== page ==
Interest rate lift-off for the ECB but question marks remain around just how aggressive it can be, central bank uncertainty hits equity and bond markets and Dublin office market recovery continues in Q1 2022. All these stories and more are covered in this week’s insights update from BlackBee.
The European Central Bank (ECB) was the big headline grabber last week as it announced that interest rates would increase by 0.25% in July and signalled that another hike was on the way in September with the size of the September move likely to be influenced by the trend in its staff macroeconomic forecasts for inflation at that time. Markets again moved quickly to reprice expectations for Euro area interest rates – our chart of the week shows that investors expect around 1.25% of rate increases by the ECB before the end of the year.
In previous Insights we’ve outlined our view that the ECB will face challenges in aggressively increasing interest rates, particularly as the Ukraine war saps economic momentum. But elevated debt levels in the Euro area is another factor in the background which will likely make it very difficult for the ECB to embark on a sustained rate hiking cycle. In a world with higher debt levels, rising debt costs could squeeze consumers even more and lead to question marks about borrowers’ debt sustainability. Debt sustainability even came into sharp focus last week as the ECB made its move, with the difference in borrowing costs between Italy (one of the Euro area’s most indebted countries) and Germany reaching their highest levels since the initial COVID market crisis in 2020.
Elsewhere, it was interesting to see how the Euro traded last week around the ECB move. In recent times the stronger currencies have tended to be those where the relevant central banks have been increasing interest rates and tightening monetary policy – a key reason behind the US dollar’s gains this year for example. Yet the euro sold off after last week’s ECB decision and press conference which points to some currency market reticence around just how far the ECB can push the boat out on interest rates.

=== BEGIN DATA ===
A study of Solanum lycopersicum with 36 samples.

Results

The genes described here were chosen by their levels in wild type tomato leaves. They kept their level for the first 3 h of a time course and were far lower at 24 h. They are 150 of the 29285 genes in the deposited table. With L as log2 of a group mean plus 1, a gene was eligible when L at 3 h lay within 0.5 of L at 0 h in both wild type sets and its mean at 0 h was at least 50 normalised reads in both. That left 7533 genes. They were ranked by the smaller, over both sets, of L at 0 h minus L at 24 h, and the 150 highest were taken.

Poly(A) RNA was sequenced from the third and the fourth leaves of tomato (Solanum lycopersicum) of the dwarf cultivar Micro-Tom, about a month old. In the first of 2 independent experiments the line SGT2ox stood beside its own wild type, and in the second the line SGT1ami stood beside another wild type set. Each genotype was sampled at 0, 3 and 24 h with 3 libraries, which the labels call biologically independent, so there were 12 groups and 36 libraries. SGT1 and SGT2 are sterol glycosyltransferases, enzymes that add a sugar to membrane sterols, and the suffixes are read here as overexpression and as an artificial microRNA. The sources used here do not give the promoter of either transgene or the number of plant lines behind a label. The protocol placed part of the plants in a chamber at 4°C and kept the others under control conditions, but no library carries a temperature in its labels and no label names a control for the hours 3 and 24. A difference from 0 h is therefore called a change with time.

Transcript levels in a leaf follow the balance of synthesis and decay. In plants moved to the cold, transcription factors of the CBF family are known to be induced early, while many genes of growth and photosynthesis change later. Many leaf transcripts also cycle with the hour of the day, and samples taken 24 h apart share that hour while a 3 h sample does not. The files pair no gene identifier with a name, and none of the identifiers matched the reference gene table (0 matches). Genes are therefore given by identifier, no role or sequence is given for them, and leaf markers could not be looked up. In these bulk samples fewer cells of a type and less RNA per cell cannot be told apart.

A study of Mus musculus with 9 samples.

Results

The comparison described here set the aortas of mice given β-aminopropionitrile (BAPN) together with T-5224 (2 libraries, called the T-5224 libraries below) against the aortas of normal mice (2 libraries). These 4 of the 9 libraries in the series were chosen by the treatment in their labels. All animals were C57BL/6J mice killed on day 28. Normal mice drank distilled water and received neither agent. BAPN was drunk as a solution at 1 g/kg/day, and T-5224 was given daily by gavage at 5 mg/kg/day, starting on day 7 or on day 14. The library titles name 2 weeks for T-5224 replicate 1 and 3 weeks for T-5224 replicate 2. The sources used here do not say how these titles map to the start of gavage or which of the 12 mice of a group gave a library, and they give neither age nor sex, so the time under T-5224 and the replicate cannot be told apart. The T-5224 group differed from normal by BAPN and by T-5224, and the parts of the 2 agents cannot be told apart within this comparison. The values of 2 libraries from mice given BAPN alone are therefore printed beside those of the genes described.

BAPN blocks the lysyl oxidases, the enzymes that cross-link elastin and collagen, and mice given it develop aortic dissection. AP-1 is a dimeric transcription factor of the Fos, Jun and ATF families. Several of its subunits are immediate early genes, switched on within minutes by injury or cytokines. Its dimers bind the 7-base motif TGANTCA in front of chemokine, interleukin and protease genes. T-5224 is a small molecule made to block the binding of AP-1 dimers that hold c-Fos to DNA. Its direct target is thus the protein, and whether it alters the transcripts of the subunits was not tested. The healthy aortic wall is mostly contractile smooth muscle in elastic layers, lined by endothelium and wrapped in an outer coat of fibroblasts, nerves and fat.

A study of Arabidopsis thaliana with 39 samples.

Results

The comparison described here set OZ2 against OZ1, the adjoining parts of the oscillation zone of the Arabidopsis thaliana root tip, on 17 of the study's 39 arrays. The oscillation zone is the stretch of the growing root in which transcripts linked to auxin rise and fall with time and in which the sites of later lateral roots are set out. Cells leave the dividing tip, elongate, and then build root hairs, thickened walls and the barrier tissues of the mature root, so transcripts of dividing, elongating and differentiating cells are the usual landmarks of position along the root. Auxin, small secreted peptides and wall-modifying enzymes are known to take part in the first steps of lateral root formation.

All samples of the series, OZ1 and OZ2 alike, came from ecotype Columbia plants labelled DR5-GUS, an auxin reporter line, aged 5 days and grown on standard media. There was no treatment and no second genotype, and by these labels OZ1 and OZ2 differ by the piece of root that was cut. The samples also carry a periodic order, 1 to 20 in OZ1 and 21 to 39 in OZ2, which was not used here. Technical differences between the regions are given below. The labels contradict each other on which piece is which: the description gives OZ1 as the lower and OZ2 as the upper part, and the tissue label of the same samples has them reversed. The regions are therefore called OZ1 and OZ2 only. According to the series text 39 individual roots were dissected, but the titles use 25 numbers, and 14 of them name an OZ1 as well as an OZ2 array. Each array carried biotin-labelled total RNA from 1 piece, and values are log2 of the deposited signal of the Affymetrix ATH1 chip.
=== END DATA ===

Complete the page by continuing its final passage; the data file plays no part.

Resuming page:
Concerns around higher interest rates and weaker economic growth reasserted themselves last week, leading to falls across many equity markets. Investors seemed particularly unnerved late in the week with the possibility that the ECB could increase interest rates in increments of 0.5% in September and beyond were the trajectory of inflation not to improve. The uncertainty around the outlook for US inflation and the read through from this for the Fed also kept equity market investors on tenterhooks during the week.
Not surprisingly government bonds bore the brunt of the hawkish tone to the ECB’s decision and subsequent comments last week with Euro area sovereign bond yields rising notably and prices falling. As we noted earlier, borrowing costs in the region also tended to rise more for countries in the periphery of the currency zone (where debt sustainability is more of an issue) compared to the core nations of France and Germany. Credit markets also struggled given the nervous backdrop across equities.
Commodity markets again seemed immune to last week’s bearish backdrop with a number of markets making gains even in spite of renewed dollar strength. Oil prices continued to benefit from a very tight global supply demand picture with concerns around a tight supply outlook winning out over demand concerns as economic momentum slows in key economies. Precious metals on the other hand were slightly weaker in the face of US dollar gains.
Dublin office recovery continues in Q1 as impact of hybrid working grows more evident
Savills’ first quarter update on the Dublin office market showed that office demand continues to recover as we exit the pandemic. Between Q4 2019 and Q1 2022 Dublin based office employment managed to grow by 9% despite the COVID headwinds. Interestingly, the impact of hybrid working is also starting to come through in employment data with those in office based employment in the mid-east of the country (including commuter areas such as Meath and Kildare) increasing by 24% over the same period. So, the initial evidence emerging suggests that the Dublin market has remained resilient thus far to changes in work practices.
This resilience was also visible in take-up which reached 478,000 square feet in Q1 2022, the second highest quarterly figure since the pandemic began. The central business district in Dublin again absorbed the vast majority of Q1 take up (81%) with technology firms remaining most active despite a volatile recent equity market backdrop for the sector. In another sign of confidence prime headline rents moved back towards €60 per square foot in Q1 although they still remain slightly lower than pre COVID peaks.